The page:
Upon hearing the word brand, it is natural for a flash of corporate logos to enter our minds. As consumers, when it comes to branding, we think big and we play favorites. However, of all the brands you support in your everyday life, the one most deserving of your loyalty is not your favorite brand or even your practice brand—it’s your personal brand.
In my experience with ophthalmology and with life in general, there are many lessons I have learned the hard way. But these teachings have come to serve a greater purpose of helping me to craft my makeup, or my personal brand.
From our everyday challenges to life’s infamous curveballs, it can be hard to invest time and energy into ourselves. However, as doctors and as human beings, the best investment you could ever make is in yourself. I don’t always gamble, but when I do, I bet on myself. If you have the opportunity to bet on yourself, bet the farm.
Below are a series of lessons I have learned in ophthalmology and in life. Ideally, reading and absorbing these insights up front would save you from future stresses. But living them and learning them is a rite of passage that, in the end, will land you in a better place.
LESSONS IN OPHTHALMOLOGY
• The difference between madness and ingenious is the acceptance
of your peers.
• You can’t predict the future, but you can adapt to the future.
Be sure to have a backup plan.
• Remember, there are two types of doctors who don’t have complications: (1) those who don’t operate and (2) those who
aren’t fully truthful.
• Sometimes you will make mistakes. The difference between
a mistake and a lesson is your ability to learn from it.
• Doctors can be like crabs in a bucket. They will step on each other
to get the top, but once on the top, don’t worry, the others will pull
them right back down.
• You are only in competition with yourself. Aim to outdo yourself,
• Follow the Golden Rule of Medicine: Give the same surgery that
you want to receive.
• Sometimes, it is hard to find balance, and you will get that sinking feeling. Hang in there.
• Teaching surgery is often more fun than doing surgery solo. I have taught 120 residents and counting so far; these individuals are fresh, enthusiastic, and perhaps a little naïve, but they go on to do amazing things and surpass me. And that is incredibly rewarding.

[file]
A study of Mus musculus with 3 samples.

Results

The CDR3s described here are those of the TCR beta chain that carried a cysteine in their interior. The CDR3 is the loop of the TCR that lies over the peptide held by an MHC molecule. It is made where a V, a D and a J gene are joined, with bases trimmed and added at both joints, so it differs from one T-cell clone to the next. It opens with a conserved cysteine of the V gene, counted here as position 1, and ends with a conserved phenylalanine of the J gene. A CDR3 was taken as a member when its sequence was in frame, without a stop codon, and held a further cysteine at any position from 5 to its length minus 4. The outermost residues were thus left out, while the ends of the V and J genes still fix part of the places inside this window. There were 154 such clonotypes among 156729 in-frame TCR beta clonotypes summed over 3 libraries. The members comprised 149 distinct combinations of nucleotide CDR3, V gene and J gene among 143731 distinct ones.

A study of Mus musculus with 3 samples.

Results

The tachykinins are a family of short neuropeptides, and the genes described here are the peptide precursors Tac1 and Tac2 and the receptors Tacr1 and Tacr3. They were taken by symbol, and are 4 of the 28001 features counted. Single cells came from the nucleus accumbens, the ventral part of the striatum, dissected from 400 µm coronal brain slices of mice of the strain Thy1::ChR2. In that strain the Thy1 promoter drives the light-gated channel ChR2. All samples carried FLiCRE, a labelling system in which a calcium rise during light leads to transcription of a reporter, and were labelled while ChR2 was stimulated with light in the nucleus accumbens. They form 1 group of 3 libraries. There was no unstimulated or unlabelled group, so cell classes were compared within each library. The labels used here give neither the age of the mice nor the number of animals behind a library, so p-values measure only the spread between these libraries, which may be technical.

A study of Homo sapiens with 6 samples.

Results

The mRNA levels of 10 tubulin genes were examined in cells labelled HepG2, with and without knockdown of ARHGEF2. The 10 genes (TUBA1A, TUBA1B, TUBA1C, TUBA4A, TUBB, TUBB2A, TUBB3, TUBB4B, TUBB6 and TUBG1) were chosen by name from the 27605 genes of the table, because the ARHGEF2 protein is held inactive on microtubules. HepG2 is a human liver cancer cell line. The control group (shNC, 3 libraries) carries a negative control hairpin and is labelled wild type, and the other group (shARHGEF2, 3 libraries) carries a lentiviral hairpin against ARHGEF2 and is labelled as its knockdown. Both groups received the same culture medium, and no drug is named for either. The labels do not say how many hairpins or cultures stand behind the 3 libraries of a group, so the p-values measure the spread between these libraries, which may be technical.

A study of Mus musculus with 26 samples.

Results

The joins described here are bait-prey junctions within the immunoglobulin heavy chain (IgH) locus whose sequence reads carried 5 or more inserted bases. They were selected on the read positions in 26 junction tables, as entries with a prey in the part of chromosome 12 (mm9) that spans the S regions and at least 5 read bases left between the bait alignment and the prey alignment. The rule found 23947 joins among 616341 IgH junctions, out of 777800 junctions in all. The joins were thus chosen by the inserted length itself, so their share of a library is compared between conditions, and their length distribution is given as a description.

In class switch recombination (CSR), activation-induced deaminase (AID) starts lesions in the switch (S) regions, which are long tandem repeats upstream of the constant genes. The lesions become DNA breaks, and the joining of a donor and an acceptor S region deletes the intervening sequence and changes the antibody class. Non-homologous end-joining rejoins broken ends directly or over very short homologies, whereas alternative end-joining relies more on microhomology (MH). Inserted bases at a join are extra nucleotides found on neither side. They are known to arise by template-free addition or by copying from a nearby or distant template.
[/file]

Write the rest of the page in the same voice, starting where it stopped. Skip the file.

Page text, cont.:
• In all of the decisions you must make—which subspecialty to choose, which type of practice is best for you, and so on—do what makes
• Charity surgeries can be the most rewarding of all.
• Seek a balance between work and personal life.
LESSONS IN LIFE
• Life can seem more confusing than it is.
• Life is short, and you will only get older every year. (By some definitions, a millennial is born between 1981 and 2000; if you finished residency before 2010, you are NOT a millennial [sorry].)
• Nothing lasts forever, and today is the youngest you will ever be.
• If you want to achieve something in life, do it now. If you wait too long for the perfect moment, the perfect moment will pass you by.
• Always remember that good times are balanced with bad times. Life is a zero-sum game. If you are down in the dumps, hang in there; the good times are around the corner. On the flipside, if your life is amazing right now, enjoy it because your downturn is coming.
• Everyone fumbles the ball once in a while. Do your best to recover it.
• A lot of people you encounter in life will be insincere; good friends will be there for you when times are tough.
• Things aren’t always fair.
• Life is full of haters; ignore them.
• Believe in yourself, and never, never, never give up.
• Find happiness in your everyday life.
Both ophthalmology and life will give you challenges. Don’t despair. Don’t sweat the small stuff. Relax and enjoy life. Happiness really is very simple.